Chief Executive Officer Cheeky Scientist
Join us as we talk about…
In this week’s episode…
- You’ll learn about the use of AI in recruitment to help filter out applicants
- Next, you’ll learn how AI can be discriminatory while filtering out applicants
- Finally, you’ll learn how why it is important to craft strong resumes in order to get through the applicant tracking systems.
“Isaiah, I’ve uploaded hundreds of resumes and have not had a single interview. In some cases, I’ve been rejected immediately – as in the same day. How is this possible? How did they determine I was a bad fit already.”
Unfortunately, I hear this all the time now. I also hear this – “Isaiah, I applied to this job last week but they just reposted the same job. What should I do? Apply again?”
Welcome to the world of predatory AI. Let’s back up so you can understand the scale of AI use first. The use of AI in recruitment has become extremely commonplace, with 99% of Fortune 500 companies in the U.S. relying on applicant tracking systems (ATS) to filter through a large number of applications.
Did you catch that? 99%.
The only companies who don’t do this are those with very small numbers of employees, like 10 or less.
While these systems are designed to increase efficiency and manage the overwhelming number of candidates, they also have a dark side. Studies have shown that AI can perpetuate discrimination, as it is often trained on biased data from previous hiring practices.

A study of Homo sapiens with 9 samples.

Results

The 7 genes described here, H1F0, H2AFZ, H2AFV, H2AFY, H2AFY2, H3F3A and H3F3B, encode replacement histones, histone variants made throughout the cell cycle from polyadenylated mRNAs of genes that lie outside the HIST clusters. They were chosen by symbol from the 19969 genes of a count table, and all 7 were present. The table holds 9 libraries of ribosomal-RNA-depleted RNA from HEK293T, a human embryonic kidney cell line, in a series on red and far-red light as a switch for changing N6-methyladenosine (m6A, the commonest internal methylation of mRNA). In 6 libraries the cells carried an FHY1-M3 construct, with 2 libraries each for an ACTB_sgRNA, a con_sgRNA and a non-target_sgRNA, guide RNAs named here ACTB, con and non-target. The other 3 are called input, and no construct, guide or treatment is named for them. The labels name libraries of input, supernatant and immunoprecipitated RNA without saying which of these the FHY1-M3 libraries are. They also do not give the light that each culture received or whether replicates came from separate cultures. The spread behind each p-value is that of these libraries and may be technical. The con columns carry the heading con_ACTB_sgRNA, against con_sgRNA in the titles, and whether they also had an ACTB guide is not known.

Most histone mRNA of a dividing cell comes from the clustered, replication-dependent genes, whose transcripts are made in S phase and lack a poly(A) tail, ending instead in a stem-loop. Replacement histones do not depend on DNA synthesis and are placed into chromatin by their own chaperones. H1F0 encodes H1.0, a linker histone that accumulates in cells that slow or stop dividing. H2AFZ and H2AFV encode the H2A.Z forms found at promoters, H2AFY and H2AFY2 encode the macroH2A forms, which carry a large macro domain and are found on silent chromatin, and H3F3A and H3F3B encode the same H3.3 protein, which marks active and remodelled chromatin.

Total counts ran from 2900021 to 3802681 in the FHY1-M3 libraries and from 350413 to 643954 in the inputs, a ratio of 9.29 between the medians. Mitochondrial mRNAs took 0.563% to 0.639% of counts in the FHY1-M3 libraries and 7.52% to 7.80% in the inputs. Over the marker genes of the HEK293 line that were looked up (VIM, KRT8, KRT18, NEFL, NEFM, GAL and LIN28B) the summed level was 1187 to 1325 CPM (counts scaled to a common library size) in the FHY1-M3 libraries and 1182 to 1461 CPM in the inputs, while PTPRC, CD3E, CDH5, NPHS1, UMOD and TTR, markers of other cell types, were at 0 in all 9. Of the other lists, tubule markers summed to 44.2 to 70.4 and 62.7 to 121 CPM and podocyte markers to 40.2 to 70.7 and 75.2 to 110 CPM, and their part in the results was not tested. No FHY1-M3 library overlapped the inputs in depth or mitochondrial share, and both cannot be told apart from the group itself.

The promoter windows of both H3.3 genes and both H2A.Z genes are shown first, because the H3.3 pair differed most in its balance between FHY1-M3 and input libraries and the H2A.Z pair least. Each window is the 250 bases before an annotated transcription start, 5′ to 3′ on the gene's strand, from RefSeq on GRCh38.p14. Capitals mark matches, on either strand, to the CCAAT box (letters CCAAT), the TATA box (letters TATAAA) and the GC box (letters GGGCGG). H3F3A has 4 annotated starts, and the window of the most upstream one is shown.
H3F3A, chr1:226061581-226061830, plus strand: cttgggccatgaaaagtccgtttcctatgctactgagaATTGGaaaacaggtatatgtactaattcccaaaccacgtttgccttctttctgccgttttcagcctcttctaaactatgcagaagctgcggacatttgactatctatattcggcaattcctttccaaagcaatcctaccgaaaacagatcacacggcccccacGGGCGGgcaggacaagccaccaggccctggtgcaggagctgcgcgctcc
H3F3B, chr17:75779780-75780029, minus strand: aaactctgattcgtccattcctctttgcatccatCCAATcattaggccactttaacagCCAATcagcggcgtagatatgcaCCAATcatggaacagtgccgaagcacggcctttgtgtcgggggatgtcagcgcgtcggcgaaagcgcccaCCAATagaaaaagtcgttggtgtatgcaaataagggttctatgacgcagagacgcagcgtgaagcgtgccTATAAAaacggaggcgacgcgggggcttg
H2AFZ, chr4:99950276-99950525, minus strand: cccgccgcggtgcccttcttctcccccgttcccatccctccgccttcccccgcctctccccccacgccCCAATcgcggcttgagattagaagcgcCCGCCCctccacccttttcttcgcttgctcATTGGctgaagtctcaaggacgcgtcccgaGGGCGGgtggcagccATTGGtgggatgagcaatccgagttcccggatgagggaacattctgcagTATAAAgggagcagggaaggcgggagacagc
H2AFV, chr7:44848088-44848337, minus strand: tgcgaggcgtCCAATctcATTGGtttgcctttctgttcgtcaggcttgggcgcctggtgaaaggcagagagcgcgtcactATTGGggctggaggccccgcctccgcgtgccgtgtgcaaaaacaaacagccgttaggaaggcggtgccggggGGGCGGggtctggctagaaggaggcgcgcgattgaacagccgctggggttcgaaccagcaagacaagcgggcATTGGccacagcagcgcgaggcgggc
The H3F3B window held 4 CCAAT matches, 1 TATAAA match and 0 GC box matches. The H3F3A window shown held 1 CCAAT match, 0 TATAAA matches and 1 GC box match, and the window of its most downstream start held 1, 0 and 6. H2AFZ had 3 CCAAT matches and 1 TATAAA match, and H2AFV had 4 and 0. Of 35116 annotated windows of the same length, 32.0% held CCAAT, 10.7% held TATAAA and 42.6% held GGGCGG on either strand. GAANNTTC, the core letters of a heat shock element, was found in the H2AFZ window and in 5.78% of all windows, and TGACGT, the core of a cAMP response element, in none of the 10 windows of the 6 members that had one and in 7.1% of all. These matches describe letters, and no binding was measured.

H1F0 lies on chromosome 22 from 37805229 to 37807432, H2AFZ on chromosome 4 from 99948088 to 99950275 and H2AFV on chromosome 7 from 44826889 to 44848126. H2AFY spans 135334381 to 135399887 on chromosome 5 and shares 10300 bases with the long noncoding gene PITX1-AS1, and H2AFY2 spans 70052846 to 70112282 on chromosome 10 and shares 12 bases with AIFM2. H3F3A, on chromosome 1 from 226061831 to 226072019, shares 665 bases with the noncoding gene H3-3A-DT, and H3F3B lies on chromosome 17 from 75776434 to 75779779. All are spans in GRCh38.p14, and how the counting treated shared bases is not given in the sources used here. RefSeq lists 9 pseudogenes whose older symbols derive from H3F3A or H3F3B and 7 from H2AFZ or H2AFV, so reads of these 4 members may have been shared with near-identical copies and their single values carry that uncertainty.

For example, Amazon’s hiring software, developed over four years, was found to score one gender differently than another when all else was equal.
Another screening tool used by big named tech companies was found to rank candidates with certain names and backgrounds more favorably. This raises concerns about the objectivity and fairness of AI-powered hiring tools.
On top of this, AI systems have limitations and can screen out qualified candidates due to factors such as gaps in their resumes or lengthy job postings.
These systems do not possess human-like reasoning abilities and can misinterpret information. For example, a journalist applying for a job was ranked low by an ATS screener because it did not recognize their international experience as meeting the requirement.
Worse, many of these AI systems are being used to harvest as much information as possible about the job market and job candidates as possible without offering any real job opportunities.
This has become known as ghost jobbing or ghost job listings. Companies will use their AI to refresh jobs every week or similar so that job seekers keep applying and providing free data and free resumes for some future use (or no use at all).
In fact, AI has become so predatory in this way that some regulatory agencies are starting to look into it. I wouldn’t expect change any time soon though. And even if posting ghost jobs becomes illegal in some way, companies will just stop posting fake jobs; it’s not like this will somehow create more real jobs.
In conclusion, while AI recruitment systems have their advantages in managing large volumes of applicants, they also raise concerns about bias and limitations in accurately assessing qualifications. Job seekers should be aware of the limitations of these systems and focus on creating strong resumes that align with job requirements, and reaching out to real people behind these AI systems to ask if the job really exists and if they’re looking to fill it in the near future.